By Ben Gruchow

December 21, 2015

They've just introduced another guy to his second wife.


Both actresses are at their best when they’re able to exert control and moderation over the direction any given scene is taking. Fey’s Kate Ellis is given the most to do in this regard (Poehler’s Maura is largely around to play the straight arrow), and she fares much better with scenes that enable her to take charge than with those in which she plays a loose cannon. The latter happens far more frequently, though; there are moments like an interminable scene in a nail salon, involving Fey looking for a job and numerous botched attempts at proper name pronunciation, that cry out for a merciless editor.

This is as good a time as any to point to the fact that Sisters is surprisingly poor at stitching together the visual elements of setup and payoff. There are moments that appear to want to build toward something, like when Kate squeezes a large plastic bottle of hair gel in celebration, and we see a nice, emphatic close-up of the gel on the floor. We’re primed to expect someone to slip in it; that’s just the way the joke works. Yet nothing happens in regard to this for the next hour or so in screen time. When something does occur as a result of the hair gel (which really should have dried by that point, but whatever), we need to cut to it again to be reminded that it’s still there. The time for the joke has come, gone, and been forgotten. Each element of that particular joke is set up with an obvious insert shot to the element, and it saps the moment of any timing or pace.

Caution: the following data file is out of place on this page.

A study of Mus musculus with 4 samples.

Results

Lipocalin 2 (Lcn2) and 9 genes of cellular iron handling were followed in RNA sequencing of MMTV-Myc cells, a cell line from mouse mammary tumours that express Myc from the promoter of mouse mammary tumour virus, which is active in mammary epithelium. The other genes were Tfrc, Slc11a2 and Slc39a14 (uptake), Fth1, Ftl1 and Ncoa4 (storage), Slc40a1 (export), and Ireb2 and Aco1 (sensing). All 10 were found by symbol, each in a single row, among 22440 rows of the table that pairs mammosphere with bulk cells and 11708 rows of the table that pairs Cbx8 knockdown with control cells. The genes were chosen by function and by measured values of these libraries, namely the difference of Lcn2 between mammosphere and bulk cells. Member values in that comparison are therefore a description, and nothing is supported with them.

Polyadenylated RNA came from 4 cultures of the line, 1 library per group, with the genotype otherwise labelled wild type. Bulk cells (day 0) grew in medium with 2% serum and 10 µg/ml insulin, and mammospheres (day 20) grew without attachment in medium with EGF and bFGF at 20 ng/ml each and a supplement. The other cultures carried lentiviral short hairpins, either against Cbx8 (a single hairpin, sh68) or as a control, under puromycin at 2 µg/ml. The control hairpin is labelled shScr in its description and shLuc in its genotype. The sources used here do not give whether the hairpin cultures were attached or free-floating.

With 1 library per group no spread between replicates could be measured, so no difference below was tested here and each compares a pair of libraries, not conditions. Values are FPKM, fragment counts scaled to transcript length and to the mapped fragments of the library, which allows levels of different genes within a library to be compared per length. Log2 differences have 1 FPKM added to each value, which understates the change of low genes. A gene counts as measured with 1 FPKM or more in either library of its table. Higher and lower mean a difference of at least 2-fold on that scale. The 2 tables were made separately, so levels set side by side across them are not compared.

This doesn’t happen with every joke, but it’s more than you’d expect. I choose to chalk this up to the ongoing issue of comedies to take up approximately 30 percent more screen time than they really need to in order to be effective; last June’s Spy could have tightened up its runtime by 15 minutes and been more than 15 percent better, and I suspect that Sisters would have flowed better at 100 minutes instead of 120.





Neither of them, though, can hold a candle to what Maya Rudolph and John Cena do with the sparse material given to them. In the few minutes that their respective characters - a bitter ex-classmate and a drug dealer with a startlingly comprehensive array of goods - are allotted, they very nearly overshadow the principals. Cena displays a surprising gift for comic subtlety; in an early scene with Fey and Poehler in a Big Lots, Rudolph laces every line and expression and movement with precisely the right amount of conflicting anger. Sisters crackles whenever these two are on-screen, and I wish there’d been more of them.

That’s really the problem: The movie is called Sisters, it stars two of the most versatile female actresses working now, and yet it still can’t find a way to make them the most interesting characters on screen. That it works at all is testament to Fey and Poehler’s level of investment and commitment. This much the filmmakers got right: without the two of them, this would be faintly unpleasant and difficult to endure, as opposed to something that’s just kind of static and occasionally funny in a promising way.